CVU’s Premiere Golf Course Gets Some Respect

Mr. Samuel Comai, CVC Leisure Sports Correspondent

The student body seems to be quick to judge the new frisbee golf course behind CVU. Insults from some CVU students have been aggressive and ill-informed. With misinformation circulating, it is important to put the truth of the course at the forefront of this discussion. The extensive surveying, design, and work put into the course do not match the respect it is getting. Carol Fox of the Wellness Committee, puts forward an honest takef about this fantastic resource.


The project started under former athletic director, Kevin Riell, and “The Hawks’ Nest” has a long history of planning, design, and consideration. “Some of the best minds in the state were brought in for the project,” says Carol Fox of the Wellness Committee. She remarked that “Jeffrey Spring, who developed the course at Smugglers Notch, was asked to design and oversee the course along with Chris Young of The Green Mountain Disc Alliance, and Kurt Proulx who helped decide on a sustainable location for the course.”

In August of 2015, the plans for The Hawks’ Nest were set in action by the Wellness Committee for employee wellness. The committee works to set up sustainable projects through grants from the VEHI (Vermont Education Health Initiative). In 2015, the employees of CVU collectively agreed to give their portion of the VEHI grant for the construction of the course. With $20,000 allocated for the course, the two-year project began.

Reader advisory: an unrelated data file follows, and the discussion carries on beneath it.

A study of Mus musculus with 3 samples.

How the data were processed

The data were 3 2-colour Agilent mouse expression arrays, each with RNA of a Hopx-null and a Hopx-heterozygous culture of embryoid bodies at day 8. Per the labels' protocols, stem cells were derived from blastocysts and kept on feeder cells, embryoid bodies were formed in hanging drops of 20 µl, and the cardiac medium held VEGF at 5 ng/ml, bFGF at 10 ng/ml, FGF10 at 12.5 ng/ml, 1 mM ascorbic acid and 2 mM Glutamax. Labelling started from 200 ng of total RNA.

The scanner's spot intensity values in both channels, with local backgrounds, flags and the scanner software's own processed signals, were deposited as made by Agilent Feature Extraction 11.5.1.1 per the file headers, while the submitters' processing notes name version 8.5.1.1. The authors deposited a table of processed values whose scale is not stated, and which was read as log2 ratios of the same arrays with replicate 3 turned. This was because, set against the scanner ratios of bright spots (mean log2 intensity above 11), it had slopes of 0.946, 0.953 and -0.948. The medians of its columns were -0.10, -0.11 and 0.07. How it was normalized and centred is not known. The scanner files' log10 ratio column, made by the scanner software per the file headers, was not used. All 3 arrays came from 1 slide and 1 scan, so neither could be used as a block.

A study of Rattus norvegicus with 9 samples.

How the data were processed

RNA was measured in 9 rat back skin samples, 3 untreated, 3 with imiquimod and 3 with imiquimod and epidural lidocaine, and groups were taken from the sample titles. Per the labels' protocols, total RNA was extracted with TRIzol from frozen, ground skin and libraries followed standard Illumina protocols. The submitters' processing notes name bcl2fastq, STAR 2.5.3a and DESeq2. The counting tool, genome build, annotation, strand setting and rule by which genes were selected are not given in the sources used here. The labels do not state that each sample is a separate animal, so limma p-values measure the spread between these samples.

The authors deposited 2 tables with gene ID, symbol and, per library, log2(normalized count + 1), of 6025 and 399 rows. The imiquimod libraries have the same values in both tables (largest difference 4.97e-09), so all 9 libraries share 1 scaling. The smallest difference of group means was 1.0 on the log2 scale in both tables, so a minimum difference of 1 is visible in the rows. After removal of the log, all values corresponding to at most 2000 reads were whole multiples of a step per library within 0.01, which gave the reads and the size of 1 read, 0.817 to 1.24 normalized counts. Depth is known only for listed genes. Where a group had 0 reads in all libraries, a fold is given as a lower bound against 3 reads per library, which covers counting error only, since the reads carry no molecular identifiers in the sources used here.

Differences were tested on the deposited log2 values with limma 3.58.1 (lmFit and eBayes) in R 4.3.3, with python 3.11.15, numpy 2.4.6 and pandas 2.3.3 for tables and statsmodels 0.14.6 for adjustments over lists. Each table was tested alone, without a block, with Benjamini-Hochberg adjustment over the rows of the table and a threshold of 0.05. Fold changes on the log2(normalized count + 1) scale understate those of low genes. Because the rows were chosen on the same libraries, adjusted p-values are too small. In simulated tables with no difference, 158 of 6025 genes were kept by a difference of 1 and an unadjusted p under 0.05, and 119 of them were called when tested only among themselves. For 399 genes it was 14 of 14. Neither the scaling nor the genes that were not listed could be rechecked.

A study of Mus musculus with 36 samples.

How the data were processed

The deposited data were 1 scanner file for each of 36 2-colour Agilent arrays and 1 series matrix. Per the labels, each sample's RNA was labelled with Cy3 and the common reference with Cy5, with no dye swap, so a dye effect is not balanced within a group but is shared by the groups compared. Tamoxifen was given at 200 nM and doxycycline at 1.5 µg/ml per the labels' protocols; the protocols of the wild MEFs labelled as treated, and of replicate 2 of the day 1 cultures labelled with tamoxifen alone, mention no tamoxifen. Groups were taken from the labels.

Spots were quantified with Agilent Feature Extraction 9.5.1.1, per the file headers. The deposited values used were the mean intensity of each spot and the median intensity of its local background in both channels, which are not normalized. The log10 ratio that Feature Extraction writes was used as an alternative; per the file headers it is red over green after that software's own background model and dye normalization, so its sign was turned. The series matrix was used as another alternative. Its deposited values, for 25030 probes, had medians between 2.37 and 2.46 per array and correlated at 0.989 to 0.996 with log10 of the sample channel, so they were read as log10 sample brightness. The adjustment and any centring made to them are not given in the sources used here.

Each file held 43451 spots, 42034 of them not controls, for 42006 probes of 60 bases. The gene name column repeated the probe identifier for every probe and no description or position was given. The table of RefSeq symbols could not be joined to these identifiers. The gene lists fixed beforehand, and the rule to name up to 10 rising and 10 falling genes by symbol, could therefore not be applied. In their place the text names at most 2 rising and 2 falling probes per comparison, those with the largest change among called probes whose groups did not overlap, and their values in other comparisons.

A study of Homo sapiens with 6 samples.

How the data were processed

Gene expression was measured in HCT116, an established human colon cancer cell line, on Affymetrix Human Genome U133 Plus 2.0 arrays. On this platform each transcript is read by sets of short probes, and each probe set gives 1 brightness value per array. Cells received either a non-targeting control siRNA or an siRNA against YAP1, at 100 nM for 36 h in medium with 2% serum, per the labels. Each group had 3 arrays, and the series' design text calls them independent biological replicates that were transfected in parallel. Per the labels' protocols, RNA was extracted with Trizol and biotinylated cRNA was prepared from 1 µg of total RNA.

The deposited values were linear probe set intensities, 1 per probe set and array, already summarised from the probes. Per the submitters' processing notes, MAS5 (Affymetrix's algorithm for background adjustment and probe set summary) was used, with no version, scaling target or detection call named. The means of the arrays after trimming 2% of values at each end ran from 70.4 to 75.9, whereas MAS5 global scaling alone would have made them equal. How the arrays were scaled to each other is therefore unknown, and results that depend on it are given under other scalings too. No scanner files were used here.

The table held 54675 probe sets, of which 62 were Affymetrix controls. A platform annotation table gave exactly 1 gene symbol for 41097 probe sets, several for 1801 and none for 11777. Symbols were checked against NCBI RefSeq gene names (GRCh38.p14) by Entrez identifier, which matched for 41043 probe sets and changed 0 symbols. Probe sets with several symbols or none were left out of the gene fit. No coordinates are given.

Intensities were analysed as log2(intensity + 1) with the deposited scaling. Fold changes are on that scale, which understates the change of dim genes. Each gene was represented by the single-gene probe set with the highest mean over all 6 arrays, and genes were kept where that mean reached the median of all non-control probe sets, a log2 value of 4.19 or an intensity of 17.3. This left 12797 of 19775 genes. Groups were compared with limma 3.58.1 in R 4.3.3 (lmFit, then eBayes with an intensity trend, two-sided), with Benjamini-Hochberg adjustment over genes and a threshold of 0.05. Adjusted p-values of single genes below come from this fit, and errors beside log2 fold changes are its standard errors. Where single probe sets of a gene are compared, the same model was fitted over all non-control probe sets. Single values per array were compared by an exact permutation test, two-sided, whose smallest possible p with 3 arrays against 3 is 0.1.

Despite many CVU students being skeptical about the course, people in the Champlain Valley community have embraced it and are very positive about the new addition. “I definitely enjoy the course. It’s a good time and is on some pretty cool terrain,” local frisbee golfer, Jayce Slesar, comments.

There’s no good reason to not take advantage of the course. Discs can be borrowed from any of the LTS teachers, including Scott Bliss and Deb Higgins. The course offers a variety of terrain and obstacles. Players can also observe the goats and ropes course, which are other great initiatives started by CVU staff members.

The 2016/17 school year marked the opening of the course. The disc golf community, in particular, is very excited about the new course. “It is likely that you will see adults out there playing after school or on the weekends,” Carol Fox remarks.

Is it possible in the future that this course could kindle excitement among the student body? The opportunities are endless for new ideas and additions to the course. Who knows? In the coming years, we could start a Kiosk or a competition. Perhaps then the students would be more interested.

Editor’s Note: Since the publication of this article, a tournament has been scheduled, The Redhawk Ridge Open, scheduled for July.